July 20, 2010

Punditry As News

Peter Baker’s column in The New York Times on Sunday provides a textbook example of journalistic blindness. He discusses how politicians and pundits attack opposition quotes to score political points.

In this case, pundits and politicians attacked this quote from White House Press Secretary Robert Gibbs: “There’s no doubt there are enough seats in play that could cause Republicans to gain control.” He was speaking about Congress.

Baker writes:

With that, the noise machine cranked into high gear. The White House had admitted it might lose the House. Never mind that it was a simple statement of fact and that Mr. Gibbs was not saying he wanted the other side to win or thought that they would. No one has found the political professional who genuinely disagrees that the House could go either way. But the mere fact that Mr. Gibbs said it launched a thousand ships of speculation, analysis, attacks and counter-attacks.

And my question is this: What role did journalism play in amplifying the noise machine? (I’m using the term “journalism” instead of news media because the latter encompasses organizations whose link to journalism is now merely nominal.)

That some bloggers, pundits, and politicians twist quotes and communicative intentions for political gain is not at all surprising. Are these tactics news?

Baker is writing a column — a bit of opinion journalism. But he fails to tell us what he thinks of the role of journalism in enabling the noise machine:

This is what passes for political discourse in Washington these days. Someone in a position of authority, or at least celebrity, says something modestly interesting and someone on the other side — or sometimes even the same side — blows it up into something resembling a full-fledged contretemps. It’s politics by slip of the tongue.

This at a time when the issues confronting Washington could hardly be more consequential. Yet explaining the new financial regulation bill that passed last week or the new health care program slowly coming into effect is complicated compared to the media catnip of a good partisan spat.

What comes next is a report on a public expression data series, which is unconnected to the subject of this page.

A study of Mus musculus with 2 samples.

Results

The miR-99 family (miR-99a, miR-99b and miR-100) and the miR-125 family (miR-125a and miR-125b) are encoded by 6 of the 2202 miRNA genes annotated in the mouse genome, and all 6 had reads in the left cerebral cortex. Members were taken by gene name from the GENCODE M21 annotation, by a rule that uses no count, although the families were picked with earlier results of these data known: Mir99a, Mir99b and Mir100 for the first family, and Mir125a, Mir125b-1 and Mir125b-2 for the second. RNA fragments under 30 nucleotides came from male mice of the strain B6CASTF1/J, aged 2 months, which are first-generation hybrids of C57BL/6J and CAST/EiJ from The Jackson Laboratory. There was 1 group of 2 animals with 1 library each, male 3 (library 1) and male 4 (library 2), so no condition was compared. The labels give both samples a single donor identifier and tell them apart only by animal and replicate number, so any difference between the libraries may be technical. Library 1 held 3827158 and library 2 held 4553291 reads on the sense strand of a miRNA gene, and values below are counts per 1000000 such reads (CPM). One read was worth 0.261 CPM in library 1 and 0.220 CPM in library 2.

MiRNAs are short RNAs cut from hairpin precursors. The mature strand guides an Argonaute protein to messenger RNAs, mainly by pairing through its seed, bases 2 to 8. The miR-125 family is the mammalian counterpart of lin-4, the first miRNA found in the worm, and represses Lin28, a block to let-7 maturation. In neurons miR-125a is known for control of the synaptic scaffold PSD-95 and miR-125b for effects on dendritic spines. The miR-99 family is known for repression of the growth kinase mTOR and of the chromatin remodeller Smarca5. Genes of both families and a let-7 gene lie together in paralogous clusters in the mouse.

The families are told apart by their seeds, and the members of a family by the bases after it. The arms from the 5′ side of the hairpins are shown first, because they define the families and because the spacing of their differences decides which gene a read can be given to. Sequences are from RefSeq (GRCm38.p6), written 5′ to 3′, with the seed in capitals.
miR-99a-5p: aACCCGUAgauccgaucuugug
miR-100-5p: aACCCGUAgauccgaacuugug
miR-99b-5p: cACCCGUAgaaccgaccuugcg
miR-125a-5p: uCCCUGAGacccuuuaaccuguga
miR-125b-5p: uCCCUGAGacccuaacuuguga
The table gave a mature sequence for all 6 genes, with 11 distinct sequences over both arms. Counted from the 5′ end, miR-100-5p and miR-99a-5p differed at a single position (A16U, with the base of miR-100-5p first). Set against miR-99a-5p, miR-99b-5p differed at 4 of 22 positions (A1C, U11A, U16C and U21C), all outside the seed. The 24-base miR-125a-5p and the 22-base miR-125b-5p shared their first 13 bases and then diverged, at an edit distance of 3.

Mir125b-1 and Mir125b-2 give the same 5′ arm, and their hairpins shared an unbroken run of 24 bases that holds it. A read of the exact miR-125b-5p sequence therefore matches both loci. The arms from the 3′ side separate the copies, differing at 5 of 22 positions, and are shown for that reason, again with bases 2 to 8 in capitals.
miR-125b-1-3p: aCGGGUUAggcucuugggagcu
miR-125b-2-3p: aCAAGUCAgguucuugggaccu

What could have followed these paragraphs: A withering examination of the role of journalism in allowing these silly little spats to become “news.” Instead, Baker indicts “political discourse” as if journalism plays no role in it.

3 Responses

  1. Tim 

    re: What role did journalism play in amplifying the noise machine?

    I like the use of media as the megaphone of the “noise machine”, and journalism as (should be) media’s volume control. Some punditry/polemics/demagoguery SHOULD be amplified and examined by custodians of fact practicing a discipline of verification (i.e., “whisper campaigns”). Others seeking attention SHOULD NOT be amplified if sensational without being information serving the primary purpose of journalism.

    This reminds me of a famous statement by a very smart observer of journalism:

    How it happens is particularly interesting considering that there are no cogent definitions of “news.” What is going on in the herd mind? Gans got a glimpse of it in his book Deciding What’s News. What he saw was a particular culture that is effective in socializing its members. But a definition remains elusive. That’s a problem because you and I might decide a thing is not news, but if the news media cover it then it must be news. And if you complain, well, you’ll be told you don’t know what news is.

  2. Tim 

    Another smart quote:

    These shows fail ethically by failing journalism’s primary purpose. And to fail in terms of facts is to turn potentially important civic discourse into (entertaining) partisan blather.

    Also, could you explain what this spreadsheet represents?


  3. acline 

    Tim… Thanks for the nuance. I was in simplistic mode.